Farm program payments delayed

Published online: Oct 07, 2013

"No big impact," he said. "Those dealing with Farmers Home Administration for loans may see delays but that is the biggest thing."

Al Ulmer, LaMoure County extension agent, said the shutdown's timing is lessening the impact on farmers.

"Without a new farm program the impact is minimal," he said.

The current farm bill, a one-year extension of the previous farm bill, expired at the end of September. Sen. John Hoeven, R-N.D., has been named as one of the Senate conferees, according to his website.

Rep. Kevin Cramer, R-N.D., said any resolution on a farm bill is still months away even if Congress works through budget issues.

"We had separated foods stamps from the farm bill and they are back together now," Cramer said in an interview Tuesday. "A conference committee is being formed but staff members are already working on it. It could be a month or two for completion."

A conference committee would seek compromises between the House of Representatives and Senate versions of the farm bill.

The U.S. Department of Agriculture shut down most operations, including local Farm Service Agency offices, on Oct. 1. The shutdown will also delay the distribution of farm program payments which commonly go out in October.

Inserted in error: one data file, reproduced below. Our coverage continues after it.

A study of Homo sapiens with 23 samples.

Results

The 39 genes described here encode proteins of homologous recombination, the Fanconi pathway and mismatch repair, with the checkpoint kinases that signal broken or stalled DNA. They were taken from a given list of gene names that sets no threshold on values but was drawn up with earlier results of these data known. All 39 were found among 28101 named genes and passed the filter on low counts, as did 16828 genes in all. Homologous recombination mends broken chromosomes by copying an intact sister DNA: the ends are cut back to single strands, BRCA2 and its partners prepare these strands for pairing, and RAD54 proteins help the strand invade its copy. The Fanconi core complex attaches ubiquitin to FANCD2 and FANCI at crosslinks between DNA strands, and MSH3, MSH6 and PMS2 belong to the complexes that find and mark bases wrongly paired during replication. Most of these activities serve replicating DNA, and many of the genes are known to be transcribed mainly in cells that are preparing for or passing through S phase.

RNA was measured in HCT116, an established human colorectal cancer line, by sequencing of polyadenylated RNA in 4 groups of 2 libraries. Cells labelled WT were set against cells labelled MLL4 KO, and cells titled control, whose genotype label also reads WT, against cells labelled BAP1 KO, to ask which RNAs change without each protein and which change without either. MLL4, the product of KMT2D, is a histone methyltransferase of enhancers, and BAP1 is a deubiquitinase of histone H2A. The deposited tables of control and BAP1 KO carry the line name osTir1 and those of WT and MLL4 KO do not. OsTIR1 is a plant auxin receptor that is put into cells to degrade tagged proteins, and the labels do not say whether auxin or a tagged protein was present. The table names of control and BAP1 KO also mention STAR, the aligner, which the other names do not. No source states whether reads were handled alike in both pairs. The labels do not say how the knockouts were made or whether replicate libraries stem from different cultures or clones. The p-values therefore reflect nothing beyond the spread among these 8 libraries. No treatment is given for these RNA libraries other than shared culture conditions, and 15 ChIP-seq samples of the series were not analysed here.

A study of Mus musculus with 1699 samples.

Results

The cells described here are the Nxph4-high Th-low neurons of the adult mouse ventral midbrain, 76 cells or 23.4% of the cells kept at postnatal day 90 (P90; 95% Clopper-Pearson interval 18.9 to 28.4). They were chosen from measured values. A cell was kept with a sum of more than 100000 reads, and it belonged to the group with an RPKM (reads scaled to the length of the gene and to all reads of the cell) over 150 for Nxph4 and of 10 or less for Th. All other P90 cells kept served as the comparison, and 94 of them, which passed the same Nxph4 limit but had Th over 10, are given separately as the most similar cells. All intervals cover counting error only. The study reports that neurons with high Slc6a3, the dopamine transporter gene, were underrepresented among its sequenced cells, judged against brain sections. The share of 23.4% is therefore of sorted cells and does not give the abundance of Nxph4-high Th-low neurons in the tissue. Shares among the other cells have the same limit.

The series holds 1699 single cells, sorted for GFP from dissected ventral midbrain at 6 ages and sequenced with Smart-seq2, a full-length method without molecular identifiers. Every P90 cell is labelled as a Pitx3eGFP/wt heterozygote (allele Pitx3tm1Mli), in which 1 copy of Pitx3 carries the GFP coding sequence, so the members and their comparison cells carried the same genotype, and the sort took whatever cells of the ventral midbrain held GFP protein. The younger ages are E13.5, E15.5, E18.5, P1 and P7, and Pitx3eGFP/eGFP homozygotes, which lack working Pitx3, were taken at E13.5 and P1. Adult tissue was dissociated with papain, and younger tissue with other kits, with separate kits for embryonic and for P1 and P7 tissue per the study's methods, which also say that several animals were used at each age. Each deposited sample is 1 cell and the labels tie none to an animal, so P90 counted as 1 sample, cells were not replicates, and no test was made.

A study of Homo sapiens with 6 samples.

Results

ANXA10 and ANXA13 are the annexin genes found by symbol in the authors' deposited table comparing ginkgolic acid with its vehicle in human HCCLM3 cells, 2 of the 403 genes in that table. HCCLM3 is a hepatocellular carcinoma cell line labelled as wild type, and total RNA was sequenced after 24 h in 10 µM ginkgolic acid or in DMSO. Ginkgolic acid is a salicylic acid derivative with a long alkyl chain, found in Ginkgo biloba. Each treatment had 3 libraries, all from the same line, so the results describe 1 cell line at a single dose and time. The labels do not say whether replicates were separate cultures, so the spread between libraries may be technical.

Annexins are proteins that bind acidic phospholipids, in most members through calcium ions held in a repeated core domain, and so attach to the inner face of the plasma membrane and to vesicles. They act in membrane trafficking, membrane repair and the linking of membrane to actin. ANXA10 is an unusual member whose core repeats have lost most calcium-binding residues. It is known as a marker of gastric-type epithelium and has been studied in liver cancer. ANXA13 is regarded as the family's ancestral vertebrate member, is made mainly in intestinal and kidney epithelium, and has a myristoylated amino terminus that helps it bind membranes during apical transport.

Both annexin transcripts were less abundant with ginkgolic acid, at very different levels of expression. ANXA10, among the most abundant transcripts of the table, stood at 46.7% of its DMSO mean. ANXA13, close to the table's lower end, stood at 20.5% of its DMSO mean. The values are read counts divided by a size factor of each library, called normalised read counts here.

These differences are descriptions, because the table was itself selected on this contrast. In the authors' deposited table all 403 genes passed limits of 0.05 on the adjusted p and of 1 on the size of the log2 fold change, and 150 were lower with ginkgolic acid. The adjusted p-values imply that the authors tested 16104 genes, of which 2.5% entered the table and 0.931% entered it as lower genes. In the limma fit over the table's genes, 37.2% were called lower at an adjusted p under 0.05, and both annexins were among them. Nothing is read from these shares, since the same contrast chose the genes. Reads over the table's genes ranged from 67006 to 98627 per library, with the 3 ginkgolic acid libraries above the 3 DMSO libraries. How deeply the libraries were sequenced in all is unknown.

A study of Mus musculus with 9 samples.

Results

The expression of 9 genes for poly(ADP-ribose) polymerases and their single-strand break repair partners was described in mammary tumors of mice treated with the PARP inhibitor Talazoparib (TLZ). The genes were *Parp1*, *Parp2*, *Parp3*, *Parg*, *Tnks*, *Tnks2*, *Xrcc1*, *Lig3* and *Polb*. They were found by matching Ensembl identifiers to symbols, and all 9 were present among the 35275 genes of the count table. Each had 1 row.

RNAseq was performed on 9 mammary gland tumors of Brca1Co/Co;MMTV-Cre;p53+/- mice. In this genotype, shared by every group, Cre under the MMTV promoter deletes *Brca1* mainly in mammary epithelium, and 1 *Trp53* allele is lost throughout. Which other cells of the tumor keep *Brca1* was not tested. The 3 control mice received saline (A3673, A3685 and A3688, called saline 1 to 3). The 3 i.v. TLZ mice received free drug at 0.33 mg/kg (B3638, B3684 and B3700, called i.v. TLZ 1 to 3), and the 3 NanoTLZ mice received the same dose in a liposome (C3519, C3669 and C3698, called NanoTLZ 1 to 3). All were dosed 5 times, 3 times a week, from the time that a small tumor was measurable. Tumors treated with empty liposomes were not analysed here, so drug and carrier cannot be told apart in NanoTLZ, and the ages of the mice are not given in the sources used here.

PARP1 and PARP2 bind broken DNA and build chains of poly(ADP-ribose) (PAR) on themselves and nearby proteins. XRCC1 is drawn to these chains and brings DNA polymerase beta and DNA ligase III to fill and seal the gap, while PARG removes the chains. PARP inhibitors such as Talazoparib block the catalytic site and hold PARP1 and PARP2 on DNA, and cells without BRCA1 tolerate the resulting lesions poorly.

"The direct payments are now a smaller part of the total farm revenue," Aakre said, referring to the current prices for most farm commodities. "But those payments are based on the size of the operation and the bigger the farm the more money that is being delayed."

The Conservation Reserve Program is another USDA program affected by the shutdown, Ulmer said.

"If people have CRP contracts coming out they may need to do some paperwork," he said. "There is nobody to do the paperwork with right now."

The CRP program pays farmers to remove land from production and seed it with grass. The contracts are usually for 10 years and some farmers may have contracts expiring this year. The payments for the program are also usually made in October, Ulmer said.